Niagara's Most Unwanted #4: Japanese Stiltgrass
Japanese Stiltgrass (Microstegium vimineum) is regulated as a pest in Canada and a newcomer to our country as an invasive species. Native to southeastern Asia, it arrived in North America in the 1900s when used as packing material. Since then, Japanese Stiltgrass has proliferated across large swaths of the United States: along the eastern seaboard from New York to Florida, as well as to the west as far as Illinois and Texas.
The first population of Japanese Stiltgrass was confirmed in southern Ontario in 2019. Although discouraging, it does present an opportunity for us to contain this noxious weed early, before it spreads.
Japanese Stiltgrass grows in dense stands that outcompete native species. It is a shade-tolerant, sprawling grass, that can quickly dominate many habitats, including forests, wetlands, fields, lawns, trails, ditches, and stream banks.
What to look for
- An annual, sprawling grass, up to 1.1 m in height
- Pale green leaves, about 7 cm long and wider in the middle, with a distinctive silver stripe midrib
- Leaves turn purple in the fall
Japanese Stiltgrass bears some resemblance to North American native white cutgrass, but can be distinguished by its hairless nodes and smaller leaf blades, as well as its telltale, shiny midrib blade.
Similar to Garlic Mustard and many other invasive species, Japanese Stiltgrass has a significant deleterious effect on local biodiversity and regeneration of native plants. Mowing, grazing, or burning creating land disturbances that allows Japanese Stiltgrass to invade a given area, can enable it to dominate the plant community within several years. It is a prohibited species under the federal Plant Protection Act.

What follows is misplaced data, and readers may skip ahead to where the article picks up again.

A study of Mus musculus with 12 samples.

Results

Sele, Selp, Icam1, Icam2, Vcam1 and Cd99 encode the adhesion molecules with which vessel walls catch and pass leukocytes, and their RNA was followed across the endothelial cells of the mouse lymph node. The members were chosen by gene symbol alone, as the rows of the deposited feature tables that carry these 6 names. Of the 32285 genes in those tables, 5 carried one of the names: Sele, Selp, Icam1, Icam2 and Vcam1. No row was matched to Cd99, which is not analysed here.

Japanese Stiltgrass also produces seeds in copious amounts, which can persist and remain viable in the soil for as long as five years. The seeds readily attach to clothing, animal fur, and footwear, and can be spread long distances by hikers or their pets.
To halt its establishment in Canada, preventing the spread of Japanese Stiltgrass seeds is key to control of this pest. Hikers can avoid unintentionally dispersing seeds to new areas by cleaning their boots, clothing and pets after each outing to remove any hitchhiking seeds.
To this end, by mid-May, a new Boot Brush Station is expected to be installed at Effingham Road across from Short Hills. All hikers are greatly encouraged to use the Boot Brush Station.
It is also recommended, before and after travelling abroad to hike, to carefully clean hiking footwear and other gear to avoid inadvertently transferring invasive species across international borders.
Help for Landowners
Landowners along the Bruce Trail may be concerned about invasive species such as Japanese Stiltgrass. The Bruce Trail Conservancy (BTC) has a small team of staff ecologists well-versed in local invasive species and forest ecosystems, and offers a Landowner Stewardship Program to aid Trail landowners. Upon request, Conservancy staff will provide expert advice on invasive species and their control. If you need this support, please contact the BTC's Landowner Stewardship Coordinator at 905-529-6821 ext. 232 or email@example.com.
Are you interested in joining future “Pull Parties” of like-minded Niagara BTC members who would like to give back to the Trail and our Landowners by helping to control invasive species in Niagara? Any interested members should send an email to firstname.lastname@example.org for more information.
This article drew upon Canada Food Inspection Agency information at: https://inspection.canada.ca/eng/1297964599443/1297965645317, Ontario Invasive Plants Council information at: https://www.ontarioinvasiveplants.ca/ and the expertise of Bruce Trail Conservancy ecologists.